A proud, potent and poignant piece of artistry that combines dance, song, monologue and athleticism with projections is the highlight of DanceX Part III.
Photos by Rainee Lantry
I speak of Gudirr Gudirr by Marrugeku, which contains truth-telling about the history of indigenous Australians from the Kimberley region of Western Australia.
To say what is acted out is not pretty is an understatement.
There is much delivered that is shameful regarding the treatment of Aboriginal and Torres Strait Islander people, Asian immigrants and their mixed race descendants.
That is brought into sharp focus by performer Dalisa Pigram, who is simply extraordinary.
She is rightfully indignant as she opens her heart and soul.
The concept is hers and Patrick Dodson’s, the latter of whom is also cultural adviser.
Pigram has also choreographed the work – which features a fishing net hung from the ceiling as a most utilitarian prop – alongside director Koen Augustijnen.
Sixty-two minutes long, Gudirr Gudirr shines a light on a broken past, a fragile present and an uncertain future.
It contains coarse language, depictions of violence and references to self-harm and youth suicide.
It is the most powerful offering in the masterful three-part DanceX program.
Fittingly, it closes the program and results in a much-deserved standing ovation.
DanceX Part III starts with a bold contribution from Australian Dance Theatre, titled The Third.
Conceived, choreographed and directed by Daniel Riley, it was commissioned for the 2021 RISING festival in Melbourne.
It explores the relationship between the Western and First Nations’ archives, each built on differing ideologies.
It looks at the body as an archive.
The work begins spectacularly as shards of light appear like a train rushing past a station as we make out two performers, initially separated and then in sync.
As the 31-minute piece evolves, they are joined by four others in various combinations.
The music, composed by James Howard is multi-textured: thumping, whirring, chanting, knocking and pinging, as movement is symbiotic and, at times, frenzied.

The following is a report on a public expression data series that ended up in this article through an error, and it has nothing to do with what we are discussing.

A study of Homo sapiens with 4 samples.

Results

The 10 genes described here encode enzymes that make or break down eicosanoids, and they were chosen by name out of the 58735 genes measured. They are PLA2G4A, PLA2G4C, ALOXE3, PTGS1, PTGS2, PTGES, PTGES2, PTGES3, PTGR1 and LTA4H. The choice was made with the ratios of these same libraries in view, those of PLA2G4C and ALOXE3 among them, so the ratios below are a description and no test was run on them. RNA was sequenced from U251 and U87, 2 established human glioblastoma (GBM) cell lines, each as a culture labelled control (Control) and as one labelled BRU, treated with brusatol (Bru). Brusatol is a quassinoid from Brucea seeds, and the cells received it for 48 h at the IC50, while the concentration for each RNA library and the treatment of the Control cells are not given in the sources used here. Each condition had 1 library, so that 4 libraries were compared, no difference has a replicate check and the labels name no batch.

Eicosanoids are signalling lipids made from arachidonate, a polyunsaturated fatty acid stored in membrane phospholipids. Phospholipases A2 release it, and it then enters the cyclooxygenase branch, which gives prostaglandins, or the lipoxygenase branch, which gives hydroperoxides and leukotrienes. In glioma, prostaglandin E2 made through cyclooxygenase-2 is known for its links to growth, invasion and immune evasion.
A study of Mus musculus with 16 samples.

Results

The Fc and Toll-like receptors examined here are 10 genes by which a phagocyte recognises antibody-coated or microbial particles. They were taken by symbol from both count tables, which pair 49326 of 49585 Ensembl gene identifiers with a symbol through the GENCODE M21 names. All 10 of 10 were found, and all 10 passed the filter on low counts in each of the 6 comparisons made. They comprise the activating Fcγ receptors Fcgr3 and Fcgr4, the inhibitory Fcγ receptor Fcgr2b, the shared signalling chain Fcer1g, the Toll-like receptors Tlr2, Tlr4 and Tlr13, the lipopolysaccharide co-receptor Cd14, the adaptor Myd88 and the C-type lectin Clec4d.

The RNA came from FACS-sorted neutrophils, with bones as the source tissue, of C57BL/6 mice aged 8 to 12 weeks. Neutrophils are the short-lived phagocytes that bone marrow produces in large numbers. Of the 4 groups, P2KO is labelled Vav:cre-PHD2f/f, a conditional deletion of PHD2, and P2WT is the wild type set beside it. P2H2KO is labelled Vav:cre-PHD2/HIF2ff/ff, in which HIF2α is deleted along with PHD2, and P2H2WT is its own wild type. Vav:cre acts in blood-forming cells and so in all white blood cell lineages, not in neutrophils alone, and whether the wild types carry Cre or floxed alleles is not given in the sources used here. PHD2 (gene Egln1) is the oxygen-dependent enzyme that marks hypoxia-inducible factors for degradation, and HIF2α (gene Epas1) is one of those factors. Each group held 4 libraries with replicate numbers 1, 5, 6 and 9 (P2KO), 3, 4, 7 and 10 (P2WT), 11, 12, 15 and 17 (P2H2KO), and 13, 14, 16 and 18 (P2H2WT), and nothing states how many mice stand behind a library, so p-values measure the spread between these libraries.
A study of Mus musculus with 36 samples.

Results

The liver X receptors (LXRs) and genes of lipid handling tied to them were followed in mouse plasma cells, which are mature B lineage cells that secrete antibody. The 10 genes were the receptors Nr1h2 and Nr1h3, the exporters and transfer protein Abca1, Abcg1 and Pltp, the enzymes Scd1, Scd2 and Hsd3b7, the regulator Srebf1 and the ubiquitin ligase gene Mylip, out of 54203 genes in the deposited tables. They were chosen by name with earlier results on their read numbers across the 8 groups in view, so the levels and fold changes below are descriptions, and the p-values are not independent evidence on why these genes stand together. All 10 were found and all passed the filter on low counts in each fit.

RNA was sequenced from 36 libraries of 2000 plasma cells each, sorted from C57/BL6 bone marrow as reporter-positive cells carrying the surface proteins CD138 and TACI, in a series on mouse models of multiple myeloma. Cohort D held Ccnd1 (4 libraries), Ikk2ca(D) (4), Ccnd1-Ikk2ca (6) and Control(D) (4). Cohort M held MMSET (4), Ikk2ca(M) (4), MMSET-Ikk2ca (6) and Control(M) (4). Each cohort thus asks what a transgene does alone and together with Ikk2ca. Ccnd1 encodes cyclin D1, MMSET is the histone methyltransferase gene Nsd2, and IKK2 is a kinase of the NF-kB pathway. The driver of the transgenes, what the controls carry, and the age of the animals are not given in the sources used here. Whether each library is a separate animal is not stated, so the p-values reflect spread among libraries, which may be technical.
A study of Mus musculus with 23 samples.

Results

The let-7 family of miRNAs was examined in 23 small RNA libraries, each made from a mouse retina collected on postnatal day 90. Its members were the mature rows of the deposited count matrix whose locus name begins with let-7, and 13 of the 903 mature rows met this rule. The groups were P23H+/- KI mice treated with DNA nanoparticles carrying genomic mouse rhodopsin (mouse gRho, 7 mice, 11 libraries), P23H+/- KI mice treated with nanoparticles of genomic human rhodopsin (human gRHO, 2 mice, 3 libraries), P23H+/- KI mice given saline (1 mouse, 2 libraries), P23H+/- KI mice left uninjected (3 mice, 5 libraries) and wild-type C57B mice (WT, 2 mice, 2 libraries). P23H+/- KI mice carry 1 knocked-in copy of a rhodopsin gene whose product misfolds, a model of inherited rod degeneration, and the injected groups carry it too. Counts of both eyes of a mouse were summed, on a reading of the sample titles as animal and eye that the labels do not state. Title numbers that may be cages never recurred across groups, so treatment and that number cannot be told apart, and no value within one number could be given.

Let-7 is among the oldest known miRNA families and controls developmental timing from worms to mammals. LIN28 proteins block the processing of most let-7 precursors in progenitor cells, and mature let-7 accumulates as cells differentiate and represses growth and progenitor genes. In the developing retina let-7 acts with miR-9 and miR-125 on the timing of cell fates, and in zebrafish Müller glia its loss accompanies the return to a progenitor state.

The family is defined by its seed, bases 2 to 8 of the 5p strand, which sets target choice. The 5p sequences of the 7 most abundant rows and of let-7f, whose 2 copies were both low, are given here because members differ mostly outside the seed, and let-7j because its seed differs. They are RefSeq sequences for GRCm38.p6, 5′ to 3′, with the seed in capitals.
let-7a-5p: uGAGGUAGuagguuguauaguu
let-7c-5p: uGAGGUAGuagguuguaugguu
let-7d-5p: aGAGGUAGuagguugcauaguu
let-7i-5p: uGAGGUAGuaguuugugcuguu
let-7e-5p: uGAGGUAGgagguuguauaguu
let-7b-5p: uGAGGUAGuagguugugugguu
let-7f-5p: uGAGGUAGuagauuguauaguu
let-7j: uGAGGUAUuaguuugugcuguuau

Chunky Move impresses with the Star Wars-like AB_TA_Response, reimagining components of Antony Hamilton’s major 2019 work Token Armies.
In the latter, a movement language was constructed from the dialogue between humans and material objects, as it is here.
Over 12 minutes, what appear to be storm troopers interact with a robot, operated by a darkened figure.
The palate is silver and black as the music thumps. Is it cooperation or confrontation?
The Australian Ballet follows with two pieces.
First up, a delightful six-minute duet, a meeting of minds between two agile performers, a man and a woman.
Skilfully crafted by Alice Topp, with a score by Luke Howard, Solstice showcases flexibility and care.
Gold costuming and a “screechy” soundscape from a string quartet on stage feature in Imposter, an anarchic nine-minute journey involving 14 dancers.
All are regarded as puppets and puppeteers who fracture formal configurations and yet ultimately play with precision.
Choreographed by Lucas Jervies, with music by Matthew Hindson, it is a piece about comparison and high achievement.
High achievement, too, has been the hallmark of a diverse program of entertainment and engagement that has characterised DanceX at Arts Centre Melbourne.
Part I – which ran from 20th to 22nd October – involved The Australian Ballet, Lucy Guerin Inc, Sydney Dance Company and Bangarra Dance Theatre.
Part II – from 25th to 28th October – drew from The Australian Ballet, Queensland Ballet and Karul Projects.
Part III is on until 1st November.
Judging by the reaction from patrons to the cavalcade of talent and creativity on display, more is warranted.